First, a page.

At this same time a year ago, the Buffalo Bills only had one question along the offensive line and that was if then-rookie Cordy Glenn would beat out incumbent Chris Hairston for the left tackle position. Glenn won that battle and Hairston enters his third year in a competition for now the right tackle position. Amazing how things can change in a year. What was once viewed as a strength is now turning into a huge blemish that the Bills are trying to cover with makeup. A year ago, four of the five positions were established; this year, three out of five are questionable. Either way it’s tough to figure out if these buffaloes will be able to lead the stampede or if they will just graze around.
The first hole that needed to be plugged was the one that was left when Andy Levitre accepted a six year, $46.8 million contract to join the Tennessee Titans. So far that spot is between holdover Colin Brown and free agent pick up Doug Legursky. So far in camp it appears to be a coin toss with the unproven Brown showing spurts of talent, but Legursky showing more consistency. Neither of the two have separated themselves and it appears it will take the preseason games to figure out who can hold that spot down. Playing in the AFC East it is crucial for the guards to hold the point of attack against big bodies like Vince Wilfork, Randy Starks and Jets rookie Sheldon Richardson as they look to create havoc in the backfield.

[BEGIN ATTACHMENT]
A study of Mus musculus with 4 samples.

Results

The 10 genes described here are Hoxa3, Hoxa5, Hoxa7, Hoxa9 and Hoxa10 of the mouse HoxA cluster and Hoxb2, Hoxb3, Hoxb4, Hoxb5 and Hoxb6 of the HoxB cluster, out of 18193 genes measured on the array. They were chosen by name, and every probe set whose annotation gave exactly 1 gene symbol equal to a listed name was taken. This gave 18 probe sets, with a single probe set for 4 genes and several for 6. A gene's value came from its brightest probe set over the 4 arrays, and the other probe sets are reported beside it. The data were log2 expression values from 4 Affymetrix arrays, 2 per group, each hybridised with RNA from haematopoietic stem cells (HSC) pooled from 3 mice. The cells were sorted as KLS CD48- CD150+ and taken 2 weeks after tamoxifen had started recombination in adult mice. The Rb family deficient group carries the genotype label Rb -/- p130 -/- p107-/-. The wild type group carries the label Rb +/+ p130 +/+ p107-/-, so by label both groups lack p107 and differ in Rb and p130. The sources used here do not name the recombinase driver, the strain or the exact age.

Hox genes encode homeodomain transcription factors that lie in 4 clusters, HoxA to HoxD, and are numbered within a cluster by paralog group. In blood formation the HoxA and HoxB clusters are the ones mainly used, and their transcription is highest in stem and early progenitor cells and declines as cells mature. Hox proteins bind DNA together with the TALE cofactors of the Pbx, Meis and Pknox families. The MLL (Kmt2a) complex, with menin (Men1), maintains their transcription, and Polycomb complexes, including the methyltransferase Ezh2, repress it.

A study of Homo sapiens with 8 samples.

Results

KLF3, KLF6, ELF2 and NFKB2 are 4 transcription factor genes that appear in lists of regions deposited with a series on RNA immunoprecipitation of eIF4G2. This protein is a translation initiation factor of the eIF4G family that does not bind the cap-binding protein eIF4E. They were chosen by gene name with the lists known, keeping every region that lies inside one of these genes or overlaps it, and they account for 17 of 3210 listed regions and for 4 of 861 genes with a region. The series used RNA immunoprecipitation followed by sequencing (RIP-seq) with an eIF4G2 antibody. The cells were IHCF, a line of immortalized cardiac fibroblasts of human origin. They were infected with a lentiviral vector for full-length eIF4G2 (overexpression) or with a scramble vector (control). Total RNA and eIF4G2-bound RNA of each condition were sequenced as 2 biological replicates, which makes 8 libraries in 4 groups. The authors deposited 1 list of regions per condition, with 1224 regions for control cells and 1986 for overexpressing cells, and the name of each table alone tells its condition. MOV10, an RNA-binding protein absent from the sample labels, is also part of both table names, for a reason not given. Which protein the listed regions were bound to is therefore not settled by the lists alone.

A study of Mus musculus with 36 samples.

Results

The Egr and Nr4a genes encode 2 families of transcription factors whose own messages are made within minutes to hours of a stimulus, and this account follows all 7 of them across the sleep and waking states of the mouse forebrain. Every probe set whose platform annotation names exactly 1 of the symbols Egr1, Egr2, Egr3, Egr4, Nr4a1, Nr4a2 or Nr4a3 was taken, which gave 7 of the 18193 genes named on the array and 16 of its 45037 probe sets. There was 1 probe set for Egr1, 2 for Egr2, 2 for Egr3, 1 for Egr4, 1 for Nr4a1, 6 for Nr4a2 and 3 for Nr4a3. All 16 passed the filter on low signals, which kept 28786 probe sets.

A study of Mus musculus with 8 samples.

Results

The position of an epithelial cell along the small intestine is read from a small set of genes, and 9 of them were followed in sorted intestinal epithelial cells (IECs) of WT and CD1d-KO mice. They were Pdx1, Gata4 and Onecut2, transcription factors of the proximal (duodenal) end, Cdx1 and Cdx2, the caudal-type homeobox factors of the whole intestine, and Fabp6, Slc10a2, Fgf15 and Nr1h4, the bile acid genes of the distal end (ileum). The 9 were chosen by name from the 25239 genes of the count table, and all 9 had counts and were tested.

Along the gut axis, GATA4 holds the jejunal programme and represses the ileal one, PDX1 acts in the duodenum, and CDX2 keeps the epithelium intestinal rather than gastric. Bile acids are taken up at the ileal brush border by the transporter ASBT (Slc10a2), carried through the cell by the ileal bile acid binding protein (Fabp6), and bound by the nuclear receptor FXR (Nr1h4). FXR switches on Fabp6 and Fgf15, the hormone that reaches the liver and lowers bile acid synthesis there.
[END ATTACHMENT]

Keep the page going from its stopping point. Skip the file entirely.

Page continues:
Second to the left guard saga is the questionable tackle play. On the right side, Erik Pears was viewed as possibly expendable depending on the performance of Chris Hairston, who has been on the physically unable to perform list and unable to compete. Also worrisome has been second year left tackle Glenn and his inability to show the promise he did early last year. Glenn has struggled against the Bills athletic pass rushers and exposed a weakness that needs to be corrected immediately. If these questions persist it does not bode well for the Bills. The best hope is Pears solidifies the right side, Glenn works on his technique and Hairston acts as an insurance policy.
Finally there is the uncertainty of Eric Wood. Wood has yet to play a full season and enters a contract year. Wood is a dominating center that can stabilize the line. For the Bills, the question of the cost of extending Wood should not weigh heavily. Currently Scott Wells for the St. Louis Rams has the highest base salary in the league for a center at $5.5 million a year. If Wood hits the open market, which the Bills should try to avoid, he should fetch somewhere around that four million a year range. That is not overly expensive compared to the $7.8 million haul that Levitre just got.
With either rookie EJ Manuel or the fragile Kevin Kolb poised to be the starting quarterback, these issues need to be figured out quickly. A good line is one that is familiar with each other and understands their responsibilities. If the line still has questions going into the opener then not only will the quarterback struggle, but so will the running backs with the lack of running lanes. The Bills didn’t give up many sacks last year, in part to Fitzpatrick’s quick throws, the rest to the play of the line. With a new scheme and new players, this year’s line needs to meld together now instead of into the season.